Featured in this article:
  • Macau needs Chinese gambling tourism
  • Cut in junkets means Macau will seek tourists elsewhere
  • Around 200,000 Americans visit Macau each year


Macau casinos are to be given financial incentives to attract foreign players to their tables as the enclave seeks revenue streams from places other than China and Hong Kong.

Macau is the Las Vegas of east Asia but the region’s finances have been severely hit by the Covid-19 pandemic that has crushed profits over the past two years.

While Macau enjoyed a revenue boost back in February, further lockdowns across China have resulted in a growing strain on public finances, which are 80% funded by the casino industry.

Indeed, so concerned are officials of the special administrative region that they are looking at alternate tourism pathways to maintain their revenue streams.

What Is Macau Doing?

According to Bloomberg, Macau’s legislature is planning to pass a new gaming bill by the end of June, which will set out its intentions for the coming decade. Along with granting permits to its foreign-operated casinos such as Las Vegas Sands Corp. (NYSE:LVS) and Wynn Resorts (NasdaqGS:WYNN), the legislation will also detail tax breaks for casinos.

The tax breaks will amount to a 5% cut on gaming revenue tax for operators that succeed in bringing in players from outside of China. This is a big ask, with Chinese players accounting for as much as 91% of all tourists to the region.

macau gambling tourism

Macau casinos will get a 5% revenue tax cut if they can attract foreign tourists other than Chinese

The tax cuts will certainly prove attractive to operators who already pay a 40% levee on gaming revenue. It is reported that the government is concerned about an over-reliance on Chinese players, especially as China cracks down on gaming junkets.

Satellite casinos will also be allowed to continue operating. The government initially proposed a ban on these casino types, where gambling is permitted in third-party premises, but that could now be dropped.

How Covid Hurt Macau Gambling Tourism Finances

Roughly four fifths of every dollar spent in Macau comes via the casino industry. The region is well placed to attract foreign players, with China banning casino gambling.

For years Macau has been a destination for Chinese players to gamble legally – and an entire junkets industry has flourished, where casinos and operators fly in players from Beijing, Shanghai and Guangzhou to test their luck on the tables. China is beginning to ban these junkets as the government is concerned about the billions of yuan flowing out of the country and into US-owed casinos.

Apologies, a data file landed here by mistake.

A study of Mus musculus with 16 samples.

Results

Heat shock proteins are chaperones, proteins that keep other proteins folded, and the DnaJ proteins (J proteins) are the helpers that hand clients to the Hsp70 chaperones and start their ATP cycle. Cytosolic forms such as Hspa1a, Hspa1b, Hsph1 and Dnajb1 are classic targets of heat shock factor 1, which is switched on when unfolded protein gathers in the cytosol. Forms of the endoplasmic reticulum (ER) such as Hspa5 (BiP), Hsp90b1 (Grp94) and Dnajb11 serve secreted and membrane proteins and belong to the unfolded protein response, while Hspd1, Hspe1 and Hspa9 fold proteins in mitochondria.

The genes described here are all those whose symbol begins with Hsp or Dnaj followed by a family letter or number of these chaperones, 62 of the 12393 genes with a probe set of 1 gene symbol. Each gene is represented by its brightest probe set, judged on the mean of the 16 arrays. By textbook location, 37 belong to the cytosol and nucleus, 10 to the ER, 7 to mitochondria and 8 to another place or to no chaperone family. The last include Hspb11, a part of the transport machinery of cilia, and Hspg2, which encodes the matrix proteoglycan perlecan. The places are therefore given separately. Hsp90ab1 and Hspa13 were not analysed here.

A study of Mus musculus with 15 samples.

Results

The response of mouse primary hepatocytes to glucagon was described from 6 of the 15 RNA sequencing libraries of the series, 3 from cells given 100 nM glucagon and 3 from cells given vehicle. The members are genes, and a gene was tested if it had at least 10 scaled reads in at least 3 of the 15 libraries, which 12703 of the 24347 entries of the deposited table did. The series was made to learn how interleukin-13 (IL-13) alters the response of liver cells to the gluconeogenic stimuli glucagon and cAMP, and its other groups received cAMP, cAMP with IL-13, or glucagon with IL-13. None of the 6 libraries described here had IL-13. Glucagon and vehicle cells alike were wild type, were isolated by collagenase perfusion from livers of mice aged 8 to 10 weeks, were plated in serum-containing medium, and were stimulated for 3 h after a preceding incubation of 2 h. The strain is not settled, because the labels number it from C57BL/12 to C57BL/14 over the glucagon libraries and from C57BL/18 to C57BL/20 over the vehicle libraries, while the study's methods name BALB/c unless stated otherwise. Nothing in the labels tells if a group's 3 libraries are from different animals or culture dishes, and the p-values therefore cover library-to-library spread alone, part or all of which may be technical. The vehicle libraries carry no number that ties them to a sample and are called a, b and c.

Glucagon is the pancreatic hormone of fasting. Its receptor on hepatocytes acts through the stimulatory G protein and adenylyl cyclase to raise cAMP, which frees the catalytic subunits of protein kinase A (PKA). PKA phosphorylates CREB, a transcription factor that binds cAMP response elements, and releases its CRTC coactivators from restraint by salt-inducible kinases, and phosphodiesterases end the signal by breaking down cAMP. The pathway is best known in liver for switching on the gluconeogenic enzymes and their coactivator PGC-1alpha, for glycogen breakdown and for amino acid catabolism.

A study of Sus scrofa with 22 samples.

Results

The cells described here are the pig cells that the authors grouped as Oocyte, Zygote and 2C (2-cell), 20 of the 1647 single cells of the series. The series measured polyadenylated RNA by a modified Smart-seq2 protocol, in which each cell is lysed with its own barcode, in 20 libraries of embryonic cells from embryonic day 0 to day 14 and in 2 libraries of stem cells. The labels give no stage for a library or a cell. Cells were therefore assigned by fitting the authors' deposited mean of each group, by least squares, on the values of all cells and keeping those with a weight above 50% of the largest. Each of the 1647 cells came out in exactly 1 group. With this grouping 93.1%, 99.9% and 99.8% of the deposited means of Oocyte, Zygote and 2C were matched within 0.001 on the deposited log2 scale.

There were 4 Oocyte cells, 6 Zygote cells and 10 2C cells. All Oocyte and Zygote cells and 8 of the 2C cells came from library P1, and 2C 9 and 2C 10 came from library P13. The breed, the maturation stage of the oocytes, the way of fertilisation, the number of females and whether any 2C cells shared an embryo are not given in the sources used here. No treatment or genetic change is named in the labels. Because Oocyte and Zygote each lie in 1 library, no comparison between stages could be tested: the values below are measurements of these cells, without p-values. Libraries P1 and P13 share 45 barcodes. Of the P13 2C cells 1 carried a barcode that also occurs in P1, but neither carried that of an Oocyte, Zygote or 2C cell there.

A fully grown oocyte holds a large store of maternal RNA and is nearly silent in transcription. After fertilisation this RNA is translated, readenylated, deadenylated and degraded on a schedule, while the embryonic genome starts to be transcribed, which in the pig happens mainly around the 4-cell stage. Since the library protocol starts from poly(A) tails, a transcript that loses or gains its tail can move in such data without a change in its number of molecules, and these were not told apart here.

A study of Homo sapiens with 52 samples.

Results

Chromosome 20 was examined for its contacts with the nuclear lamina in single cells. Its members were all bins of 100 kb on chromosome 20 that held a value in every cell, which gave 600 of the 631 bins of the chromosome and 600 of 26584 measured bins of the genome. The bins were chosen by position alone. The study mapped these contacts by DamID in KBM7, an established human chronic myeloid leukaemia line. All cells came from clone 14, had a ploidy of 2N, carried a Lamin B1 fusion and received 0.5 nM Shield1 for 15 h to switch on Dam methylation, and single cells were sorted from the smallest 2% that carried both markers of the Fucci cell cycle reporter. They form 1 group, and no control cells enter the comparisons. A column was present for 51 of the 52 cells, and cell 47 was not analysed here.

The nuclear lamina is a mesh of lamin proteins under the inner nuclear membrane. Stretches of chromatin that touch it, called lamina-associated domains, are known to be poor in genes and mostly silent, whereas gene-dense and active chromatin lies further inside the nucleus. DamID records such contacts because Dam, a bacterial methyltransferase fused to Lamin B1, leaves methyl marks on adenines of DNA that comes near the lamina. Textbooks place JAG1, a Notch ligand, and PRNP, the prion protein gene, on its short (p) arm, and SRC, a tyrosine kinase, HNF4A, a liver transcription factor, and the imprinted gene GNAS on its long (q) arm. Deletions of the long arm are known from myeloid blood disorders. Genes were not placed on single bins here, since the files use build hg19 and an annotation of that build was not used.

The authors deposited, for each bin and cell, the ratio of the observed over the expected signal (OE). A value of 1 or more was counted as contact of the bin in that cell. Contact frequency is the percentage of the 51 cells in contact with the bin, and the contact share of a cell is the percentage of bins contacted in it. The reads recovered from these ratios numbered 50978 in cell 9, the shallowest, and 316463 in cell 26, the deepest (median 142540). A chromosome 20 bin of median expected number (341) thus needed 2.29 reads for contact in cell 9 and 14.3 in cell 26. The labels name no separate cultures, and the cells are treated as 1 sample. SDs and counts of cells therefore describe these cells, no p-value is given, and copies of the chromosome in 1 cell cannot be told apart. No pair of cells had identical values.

Tourist gaming expenditure in Macau reached $44bn back in 2013. But since the Covid-19 pandemic the region’s earnings through gambling tourism has dropped significantly. In 2020 just $5.8bn was earned, and $10.6bn in 2021.

One of the biggest reasons for this hit was China’s struggle to contain the coronavirus. The world went into lockdown during most of 2020 but in 2021 there was more freedom of movement across the globe as vaccination programs took effect.

However, China is still waging a war on the virus. Further lockdowns during the ‘Zero Covid’ policy is hampering the economy – and few tourists are jetting out to chance their arm on the roulette, blackjack and poker tables of Macau.

It is no wonder, then, that the region’s administrators are seeking alternative revenue streams to Chinese tourists. Pre-pandemic figures show South Korea (812,000) and America (201,000) provide the most non-Chinese tourists to Macau each year. Millions more also visit via Hong Kong on day trips over overnight stays.

Whether Macau instigates a promotional drive to attract more foreign tourists, or simply leaves that to the casinos to deliver, remains to be seen. But the region is evidently keen to wean itself off the reliance of Chinese tourists.

Joseph Ellison

Joseph is a dedicated journalist and horse racing fanatic who has been writing about sports and casinos for over a decade. He has worked with some of the UK's top bookmakers and provides Premier League soccer tips on a regular basis. You'll likely find him watching horse racing or rugby when he isn't writing about sport.